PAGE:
TrollStore was released on September 3rd 2022 and affects all iOS versions between iOS 14.0 and iOS 15.4.1. It combines two recently discovered CVEs (CVE-2022-26766 and CVE-2021-30937) to gain root privileges and sign the application with arbitrary entitlements. Effectively, this means that an attacker can run the application with arbitrary permissions and properties.
Before TrollStore, users of modded application versions would typically jailbreak their devices or use one of a few other approaches to install repackaged applications. Those options each had considerable downsides as described in the appendix; therefore, jailbreaking was often the preferred approach. Because of this, a lot of applications have been using jailbreak detection not just to verify execution environment integrity but also to mitigate repackaging threats.
With TrollStore, the required effort for installing modded applications has been significantly reduced. TrollStore enables everyone to install modified applications without having to jailbreak their device! It also doesn’t suffer from the same ‘user experience’ issues as the techniques mentioned in the appendix.
For an application developer, this now means that jailbreak detection is no longer a valid stopgap to mitigate the majority of repackaging efforts. What's worse, with TrollStore, most of the common repackaging detection solutions won't detect an issue either. This is due to the CVE-2021-30937 vulnerability which enables an attacker to sign the app with an arbitrary TeamID and BundleID.
TrollStore resigns the app with a completely new certificate and entitlements. Therefore, modern and robust repacking detection schemes now have to expand beyond some form of runtime TeamID and BundleID verification Tools like iXGuard achieve this goal by verifying additional indications of authorship in addition to detecting the actual modifications to application code and assets.
If possible within the context of your application, Apple’s App Attest Service can also verify your app’s integrity and mitigate TrollStore. Keep in mind, this approach also requires you to integrate components into your backend as this service relies on client - server communication.
As always, incorporating multiple layers of protection is key to effective mobile application security, thus applying both methods to your app would be our recommendation.
TrollStore and the accompanying CVEs should prompt developers to rethink their view of mobile app security. Especially when it comes to trusting existing system guarantees, such as the integrity of the TeamID and BundleID signature fields. TrollStore is a great example of how these assumptions may be broken at any time, leaving your apps vulnerable.
Therefore, developers should be sure to implement multi-layered and comprehensive protections and not rely solely on system ‘guarantees’ or public tricks on Github. Implementing such techniques and keeping them up-to-date on your own is complex and very time consuming.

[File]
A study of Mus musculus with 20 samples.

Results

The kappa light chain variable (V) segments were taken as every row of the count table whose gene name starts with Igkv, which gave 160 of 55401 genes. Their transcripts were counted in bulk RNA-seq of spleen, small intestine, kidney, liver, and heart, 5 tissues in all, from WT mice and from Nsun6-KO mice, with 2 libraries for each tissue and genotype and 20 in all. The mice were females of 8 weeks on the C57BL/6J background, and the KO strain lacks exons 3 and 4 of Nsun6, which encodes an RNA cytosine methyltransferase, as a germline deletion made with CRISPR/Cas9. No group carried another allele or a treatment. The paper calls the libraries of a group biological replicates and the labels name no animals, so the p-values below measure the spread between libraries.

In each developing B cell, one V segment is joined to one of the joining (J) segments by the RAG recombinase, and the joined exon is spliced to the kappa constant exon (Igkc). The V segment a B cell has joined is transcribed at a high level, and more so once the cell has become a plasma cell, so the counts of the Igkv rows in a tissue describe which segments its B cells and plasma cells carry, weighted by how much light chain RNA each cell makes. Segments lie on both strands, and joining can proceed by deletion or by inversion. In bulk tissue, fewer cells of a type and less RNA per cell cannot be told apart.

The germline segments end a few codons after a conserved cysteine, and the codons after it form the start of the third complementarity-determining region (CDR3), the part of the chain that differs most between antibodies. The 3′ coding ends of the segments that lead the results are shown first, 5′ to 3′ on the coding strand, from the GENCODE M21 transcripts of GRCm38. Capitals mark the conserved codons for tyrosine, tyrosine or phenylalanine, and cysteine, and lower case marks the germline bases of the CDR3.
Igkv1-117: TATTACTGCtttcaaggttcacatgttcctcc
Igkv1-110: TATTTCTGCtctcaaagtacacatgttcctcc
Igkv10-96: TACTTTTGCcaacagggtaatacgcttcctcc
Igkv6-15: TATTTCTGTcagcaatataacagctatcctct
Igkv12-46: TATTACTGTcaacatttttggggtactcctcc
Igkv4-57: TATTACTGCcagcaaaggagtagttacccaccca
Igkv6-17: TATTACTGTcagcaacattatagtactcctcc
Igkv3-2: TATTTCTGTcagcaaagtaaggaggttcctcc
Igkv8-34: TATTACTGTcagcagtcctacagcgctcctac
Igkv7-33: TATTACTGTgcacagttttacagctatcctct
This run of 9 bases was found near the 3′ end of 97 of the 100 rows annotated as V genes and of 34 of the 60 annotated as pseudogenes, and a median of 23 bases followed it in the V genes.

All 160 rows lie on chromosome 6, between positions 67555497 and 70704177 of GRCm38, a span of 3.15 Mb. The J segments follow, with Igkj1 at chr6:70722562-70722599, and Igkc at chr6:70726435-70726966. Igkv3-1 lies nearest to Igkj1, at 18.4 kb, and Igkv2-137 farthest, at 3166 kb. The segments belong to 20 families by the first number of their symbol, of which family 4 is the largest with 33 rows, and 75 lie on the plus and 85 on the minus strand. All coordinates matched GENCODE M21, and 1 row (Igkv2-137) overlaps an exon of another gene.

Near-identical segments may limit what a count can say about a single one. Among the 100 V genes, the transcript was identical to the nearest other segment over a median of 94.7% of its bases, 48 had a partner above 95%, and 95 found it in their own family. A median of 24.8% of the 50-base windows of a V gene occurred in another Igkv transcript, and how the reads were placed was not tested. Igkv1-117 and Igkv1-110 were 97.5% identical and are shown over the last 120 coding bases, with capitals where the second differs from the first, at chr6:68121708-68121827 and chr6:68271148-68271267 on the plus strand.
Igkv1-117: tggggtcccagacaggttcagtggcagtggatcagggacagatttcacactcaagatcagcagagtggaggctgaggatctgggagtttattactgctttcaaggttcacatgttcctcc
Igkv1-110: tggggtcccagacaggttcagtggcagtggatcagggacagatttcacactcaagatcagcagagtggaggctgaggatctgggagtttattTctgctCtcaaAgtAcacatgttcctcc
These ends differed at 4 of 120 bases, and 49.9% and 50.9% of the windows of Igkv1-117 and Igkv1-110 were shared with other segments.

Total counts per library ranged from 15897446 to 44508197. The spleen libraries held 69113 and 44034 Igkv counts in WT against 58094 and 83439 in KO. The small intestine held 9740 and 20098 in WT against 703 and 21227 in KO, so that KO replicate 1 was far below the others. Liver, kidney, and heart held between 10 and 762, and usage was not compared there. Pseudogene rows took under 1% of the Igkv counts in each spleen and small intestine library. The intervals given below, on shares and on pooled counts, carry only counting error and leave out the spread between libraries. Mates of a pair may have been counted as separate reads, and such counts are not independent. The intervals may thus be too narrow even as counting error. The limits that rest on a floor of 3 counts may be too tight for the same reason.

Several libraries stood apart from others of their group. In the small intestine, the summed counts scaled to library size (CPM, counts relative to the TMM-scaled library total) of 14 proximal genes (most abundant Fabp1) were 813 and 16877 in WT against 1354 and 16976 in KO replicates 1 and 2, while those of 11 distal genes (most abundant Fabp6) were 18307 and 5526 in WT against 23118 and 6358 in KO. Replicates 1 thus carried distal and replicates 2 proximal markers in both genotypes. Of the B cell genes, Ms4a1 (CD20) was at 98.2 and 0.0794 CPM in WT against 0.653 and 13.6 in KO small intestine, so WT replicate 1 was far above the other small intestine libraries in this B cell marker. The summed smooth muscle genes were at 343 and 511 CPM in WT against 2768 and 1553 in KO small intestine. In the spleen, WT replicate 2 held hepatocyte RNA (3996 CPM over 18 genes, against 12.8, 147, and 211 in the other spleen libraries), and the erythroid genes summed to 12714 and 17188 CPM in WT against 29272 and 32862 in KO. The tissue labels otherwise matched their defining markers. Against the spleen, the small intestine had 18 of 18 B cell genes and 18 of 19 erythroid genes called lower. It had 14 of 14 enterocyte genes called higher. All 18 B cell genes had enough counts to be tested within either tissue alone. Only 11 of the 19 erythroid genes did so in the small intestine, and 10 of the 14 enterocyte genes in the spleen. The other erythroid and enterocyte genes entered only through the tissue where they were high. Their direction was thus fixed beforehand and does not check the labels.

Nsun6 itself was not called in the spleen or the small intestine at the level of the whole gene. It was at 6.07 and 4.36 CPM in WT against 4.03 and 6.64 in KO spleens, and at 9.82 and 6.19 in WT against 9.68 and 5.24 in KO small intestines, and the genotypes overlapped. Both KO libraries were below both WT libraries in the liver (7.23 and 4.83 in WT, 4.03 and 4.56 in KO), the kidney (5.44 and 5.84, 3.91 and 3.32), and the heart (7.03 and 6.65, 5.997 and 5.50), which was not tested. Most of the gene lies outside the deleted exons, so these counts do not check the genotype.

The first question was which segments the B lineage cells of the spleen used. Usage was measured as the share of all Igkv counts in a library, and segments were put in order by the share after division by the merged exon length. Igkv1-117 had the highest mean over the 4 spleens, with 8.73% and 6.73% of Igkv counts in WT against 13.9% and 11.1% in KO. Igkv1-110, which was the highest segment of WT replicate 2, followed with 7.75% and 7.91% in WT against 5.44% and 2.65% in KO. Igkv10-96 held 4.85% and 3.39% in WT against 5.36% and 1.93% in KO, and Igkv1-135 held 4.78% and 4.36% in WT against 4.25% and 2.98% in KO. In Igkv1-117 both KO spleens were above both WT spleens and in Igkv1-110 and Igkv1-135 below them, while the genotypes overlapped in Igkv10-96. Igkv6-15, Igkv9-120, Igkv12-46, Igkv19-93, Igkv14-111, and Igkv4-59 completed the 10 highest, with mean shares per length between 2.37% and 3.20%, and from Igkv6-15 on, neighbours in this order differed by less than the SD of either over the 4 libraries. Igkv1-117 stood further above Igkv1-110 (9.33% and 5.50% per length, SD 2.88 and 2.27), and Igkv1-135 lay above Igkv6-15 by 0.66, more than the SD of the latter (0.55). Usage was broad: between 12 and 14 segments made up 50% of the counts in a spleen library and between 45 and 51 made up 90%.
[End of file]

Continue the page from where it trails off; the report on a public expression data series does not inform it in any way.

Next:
Adopting a solution like iXGuard enables you to focus on making your application or game a great experience while allowing a proven partner to focus on protecting your revenue, brand and reputation.
Modified applications are popular on both iOS and Android. They provide a means of distributing pirated paid apps or ‘tweaks’ (changes to an app’s behavior) for free apps. These are often undesirable changes for app developers; removal of ads, unlocking in-app purchases, unhiding beta features, bypassing use-case limitations,... They can also be really malicious in nature, e.g. injection of key loggers and other means of stealing data.
So far, in a world without TrollStore, modders used to published their mods in three ways:
Each of these methods have their own drawbacks.
A sideloaded app signed with a free developer certificate (1) expires after 7 days, causing the app not to open anymore. So using this method, one has to ‘renew’ the modified applications every week.
The approach using an enterprise certificate (2) overcomes this expiry date limitation. These kinds of certificates however are relatively expensive, heavily controlled, and restricted by Apple. This kind of usage is also against Apple’s policies. Communities of modders often pool their money to get an enterprise certificate (or use illegal means); once live, Apple will commonly ban the certificate within a few weeks. Downsides of this approach are obvious; it’s not allowed by Apple, after a few weeks one often has to seek an alternative to get a modded app updated and, on top of that, the apps frequently contain additional advertisements to support this effort.
The third approach (3) is the most powerful but requires jailbreaking your phone. There’s a lot of online content explaining the risks for all parties involved, so we will not further expand on it here.
For as long as iOS versions vulnerable to the relevant CVE’s are not outdated it seems that TrollStore provides a fourth approach, one which has very limited downsides.